So I went to Heidi’s on Friday night, and I can’t wait to get back there again. I apologize to the half dozen really good restaurants that have opened before Heidi’s that keep sending me reminders that I still haven’t darkened their doorstep. I am innocent on this one, my wife took me out for a b-day dinner of sorts and, well, it was all her doing. Bottom line, it’s a great place. Here is the skinny, and remember its only two weeks old.
The location is great, super Lyn-Lake space, easy to find, easy to park and they valet. The entrance is charming; I can’t wait for summer and see what they do with the patio courtyard. The bar and exposed kitchen are well placed and the dining room is set off with a stunning tree sculpture that you all have heard of a zillion times, and yes, the graffiti wall works as well. Stewart’s mom’s glass window is beautiful . . . it’s a nice space.
As for the nits . . . it could be comfier. The chairs and tables, etc., are nice but the room layout is pretty straightforward. I am guessing that the Woodmans will tinker with this a tad in coming months. Service was spot-on technically, but I think the staff needs to all take a moment each night and shrug out the shoulders and be reminded to have fun. There is a formality to the experience, as a whole, that I think should be taken down a notch. The food speaks for itself and despite the MAJOR LEAGUE quality of the fare and the ambition of the kitchen I am thinking the service program can be 10 percent hipper and more fun.
But on to the food . . . one visit only, here goes . . . the eggless Benedict was a whimsical piece of laboratory food chic but lacked big oomph of flavor. All the corn elements were there, but it was way too delicate for me. Construction was amazing, the overall grade was B, and it was the lowest scoring dish of the night. The pickled tongue nibble was superb—beefy and unctuous, gorgeous little mustard sauce explosions; I wanted a giant wad of it on a pretzel bun for dinner. My only disappointment was not having room for the other five hors d’oeuvres offered as 2$ single bite courses. The green ranch salad is superb—peppery and nuanced—and we devoured it. The crème fraiche dressing was spot on. The beet plate is insanely good; Stew loves beets as much as I do and it shows. I only wish he had some of his beet sorbet on the plate as another element. Not that the plate needed it but just because I love it so much.
His little confit of carrot was inhaled and treasured. I could have a bowl of those all on their own. The mussel soup is extraordinary, and I could have it for dinner on every cold night of the year. Not too rich, not too creamy, but so beautifully mussel infused and the little whimsical parsnip crispies in the bowl kept their crunch to the bitter end of the tone felt through the room as my spoon dropped into the abyss. We shared the beef special, roasted tenderloin with chived pommes puree and béarnaise sauce with peppercress salad. It was perfect. Seriously. Even better was my duck breast, cooked so beautifully it literally melted on my fork. The scallion foam and grilled scallion worked so well with the lingonberry puree that I made a mental note to try it next time I am doing duck at home . . . foam is not my thing, and usually its not enough of a flavor vehicle to me, I object to it because it usually adds nothing to a dish but a visual punctuation mark. This was different. And very good.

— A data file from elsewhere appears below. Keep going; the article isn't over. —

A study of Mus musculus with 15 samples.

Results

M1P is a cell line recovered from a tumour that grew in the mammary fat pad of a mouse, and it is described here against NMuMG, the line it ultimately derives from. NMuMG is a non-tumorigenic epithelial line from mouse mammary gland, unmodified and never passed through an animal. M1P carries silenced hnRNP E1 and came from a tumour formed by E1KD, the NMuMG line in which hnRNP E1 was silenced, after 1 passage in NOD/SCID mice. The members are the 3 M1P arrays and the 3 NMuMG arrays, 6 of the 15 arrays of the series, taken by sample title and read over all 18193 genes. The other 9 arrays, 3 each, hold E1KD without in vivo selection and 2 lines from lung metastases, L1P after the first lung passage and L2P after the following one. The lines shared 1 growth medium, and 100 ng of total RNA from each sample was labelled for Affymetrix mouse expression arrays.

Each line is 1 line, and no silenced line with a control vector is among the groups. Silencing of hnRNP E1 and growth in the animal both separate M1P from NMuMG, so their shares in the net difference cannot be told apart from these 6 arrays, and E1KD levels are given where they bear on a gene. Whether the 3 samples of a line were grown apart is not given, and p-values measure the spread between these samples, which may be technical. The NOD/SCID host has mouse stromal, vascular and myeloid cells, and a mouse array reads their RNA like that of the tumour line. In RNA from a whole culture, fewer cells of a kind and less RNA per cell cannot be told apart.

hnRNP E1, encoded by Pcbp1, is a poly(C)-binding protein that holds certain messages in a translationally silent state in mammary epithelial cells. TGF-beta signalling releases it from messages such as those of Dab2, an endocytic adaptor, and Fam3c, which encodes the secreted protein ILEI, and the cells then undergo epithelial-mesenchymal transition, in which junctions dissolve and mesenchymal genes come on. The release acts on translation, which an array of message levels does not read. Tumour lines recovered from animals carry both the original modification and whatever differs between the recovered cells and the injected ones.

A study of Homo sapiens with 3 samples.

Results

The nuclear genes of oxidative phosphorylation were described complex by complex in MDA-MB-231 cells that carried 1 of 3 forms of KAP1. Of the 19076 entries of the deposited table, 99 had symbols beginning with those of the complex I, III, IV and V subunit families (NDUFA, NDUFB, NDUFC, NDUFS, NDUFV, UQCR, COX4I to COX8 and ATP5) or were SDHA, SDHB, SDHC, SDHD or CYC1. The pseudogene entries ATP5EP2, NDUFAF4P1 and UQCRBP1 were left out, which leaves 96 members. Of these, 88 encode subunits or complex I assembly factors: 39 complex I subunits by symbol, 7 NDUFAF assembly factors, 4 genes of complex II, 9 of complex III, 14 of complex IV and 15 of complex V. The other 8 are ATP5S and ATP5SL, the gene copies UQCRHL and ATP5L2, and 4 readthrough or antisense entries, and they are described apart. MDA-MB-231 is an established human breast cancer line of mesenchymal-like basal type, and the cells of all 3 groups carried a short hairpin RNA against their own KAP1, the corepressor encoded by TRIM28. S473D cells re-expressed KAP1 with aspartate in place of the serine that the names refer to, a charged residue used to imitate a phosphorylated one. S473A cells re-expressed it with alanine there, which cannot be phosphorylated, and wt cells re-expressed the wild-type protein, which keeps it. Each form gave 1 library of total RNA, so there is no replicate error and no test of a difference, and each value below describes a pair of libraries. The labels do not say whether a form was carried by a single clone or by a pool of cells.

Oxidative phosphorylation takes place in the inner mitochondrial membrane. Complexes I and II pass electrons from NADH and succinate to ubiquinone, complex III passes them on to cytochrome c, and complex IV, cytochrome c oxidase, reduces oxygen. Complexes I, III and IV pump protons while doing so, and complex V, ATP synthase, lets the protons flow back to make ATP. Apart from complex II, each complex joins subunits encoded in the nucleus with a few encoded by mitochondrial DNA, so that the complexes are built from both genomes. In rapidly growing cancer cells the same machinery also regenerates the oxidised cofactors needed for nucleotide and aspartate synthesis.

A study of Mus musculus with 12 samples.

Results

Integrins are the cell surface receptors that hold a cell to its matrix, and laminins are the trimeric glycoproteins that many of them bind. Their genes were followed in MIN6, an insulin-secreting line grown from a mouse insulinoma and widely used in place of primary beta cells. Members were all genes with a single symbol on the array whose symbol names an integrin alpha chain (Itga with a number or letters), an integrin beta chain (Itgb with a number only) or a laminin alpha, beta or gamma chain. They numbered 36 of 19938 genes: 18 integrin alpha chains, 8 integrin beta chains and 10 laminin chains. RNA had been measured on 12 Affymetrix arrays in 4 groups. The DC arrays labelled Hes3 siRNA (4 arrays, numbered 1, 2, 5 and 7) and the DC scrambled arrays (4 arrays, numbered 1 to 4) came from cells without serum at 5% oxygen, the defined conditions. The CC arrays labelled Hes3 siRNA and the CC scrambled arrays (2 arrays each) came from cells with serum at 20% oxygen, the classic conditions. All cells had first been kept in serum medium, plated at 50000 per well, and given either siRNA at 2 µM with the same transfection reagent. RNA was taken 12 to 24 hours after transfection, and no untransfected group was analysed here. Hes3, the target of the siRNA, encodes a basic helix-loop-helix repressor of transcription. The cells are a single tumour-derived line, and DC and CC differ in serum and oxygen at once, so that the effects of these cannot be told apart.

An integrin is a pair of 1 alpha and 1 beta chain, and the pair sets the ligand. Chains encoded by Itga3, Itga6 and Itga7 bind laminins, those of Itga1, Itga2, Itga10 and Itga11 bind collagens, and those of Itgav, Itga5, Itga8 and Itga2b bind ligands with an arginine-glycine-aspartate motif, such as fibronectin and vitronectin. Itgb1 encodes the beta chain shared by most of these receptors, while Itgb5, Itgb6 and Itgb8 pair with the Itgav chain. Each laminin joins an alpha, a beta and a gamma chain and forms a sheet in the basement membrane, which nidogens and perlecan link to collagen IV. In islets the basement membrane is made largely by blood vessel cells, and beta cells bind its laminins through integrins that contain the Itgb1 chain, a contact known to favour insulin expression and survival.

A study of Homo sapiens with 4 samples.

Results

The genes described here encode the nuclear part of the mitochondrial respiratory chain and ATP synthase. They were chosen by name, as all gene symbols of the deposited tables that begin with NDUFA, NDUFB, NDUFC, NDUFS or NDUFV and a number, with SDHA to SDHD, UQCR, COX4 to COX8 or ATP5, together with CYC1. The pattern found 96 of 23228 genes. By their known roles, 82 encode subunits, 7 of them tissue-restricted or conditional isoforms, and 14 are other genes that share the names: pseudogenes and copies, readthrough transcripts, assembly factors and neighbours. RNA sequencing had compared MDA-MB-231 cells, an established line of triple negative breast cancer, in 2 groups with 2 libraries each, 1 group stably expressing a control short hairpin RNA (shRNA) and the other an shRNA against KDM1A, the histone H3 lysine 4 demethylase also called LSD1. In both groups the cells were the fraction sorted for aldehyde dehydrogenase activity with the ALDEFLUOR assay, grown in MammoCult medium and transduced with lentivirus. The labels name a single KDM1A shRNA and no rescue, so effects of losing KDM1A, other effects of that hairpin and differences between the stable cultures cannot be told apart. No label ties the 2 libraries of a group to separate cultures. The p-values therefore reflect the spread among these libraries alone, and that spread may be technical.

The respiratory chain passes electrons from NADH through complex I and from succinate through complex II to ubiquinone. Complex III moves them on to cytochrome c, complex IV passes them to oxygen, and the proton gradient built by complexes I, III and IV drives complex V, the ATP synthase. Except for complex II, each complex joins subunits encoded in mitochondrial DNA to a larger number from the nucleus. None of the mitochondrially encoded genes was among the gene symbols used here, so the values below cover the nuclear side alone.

Desserts were delightful. One was awesome, the other simply great. On one hand the pineapple napoleon was almost perfect, and would have been if the caramelized pineapple slices been warm. The basil ice cream may have been the best bite of the night in my opinion. The white chocolate mousse plate was superb element by element, but didn’t work well for me. I loved the yuzu sesame soufflé elements, but in the madness lost the sesame and yuzu flavor other than the sesame tuile around it. I thought it a tad confusing. We ate it all. It brought up a philosophical issue for me with some of the dishes: On several plates one or two of the ingredients got lost—ingredients that really belonged. It will be interesting to see over next few weeks how the kitchen edits itself. For example, on the tongue plate the “soy noodles” aspect of the dish is less impactful than I think the kitchen wants same with the candied kumquats or yuzu on the dessert we had. Remember this is based on one visit early on in the restaurant’s genesis. I can’t wait to see what the next visit brings. For me this is best part about dining in out in restaurants that take their food seriously. You get to see how the chef wants to morph, improve and edit his content.
Here is the problem that the Woodmans need to deal with. So much of their food is so ridiculously good that it makes the remaining dishes standout awkwardly, dishes that would be stellar elsewhere in town. That’s a pretty good place to be two weeks after opening. Nice work, kids!
I now have another restaurant to put on the regular rotation, that’s hard to do. If Steven Brown’s new place opens anytime soon and is half as good as I think it will be, 2011 will already have been twice as good a year for openings as 2010 was.
My buddy Adam sent me this. It’s the hotel from hell and it turns out if you go to the Trip Advisor home page you will see some pretty funny lists. I have stayed at hotels such as this before and just seeing this place makes me yearn for the cozy confines of Paris’ Georges Cinq or the Plaza Athenee.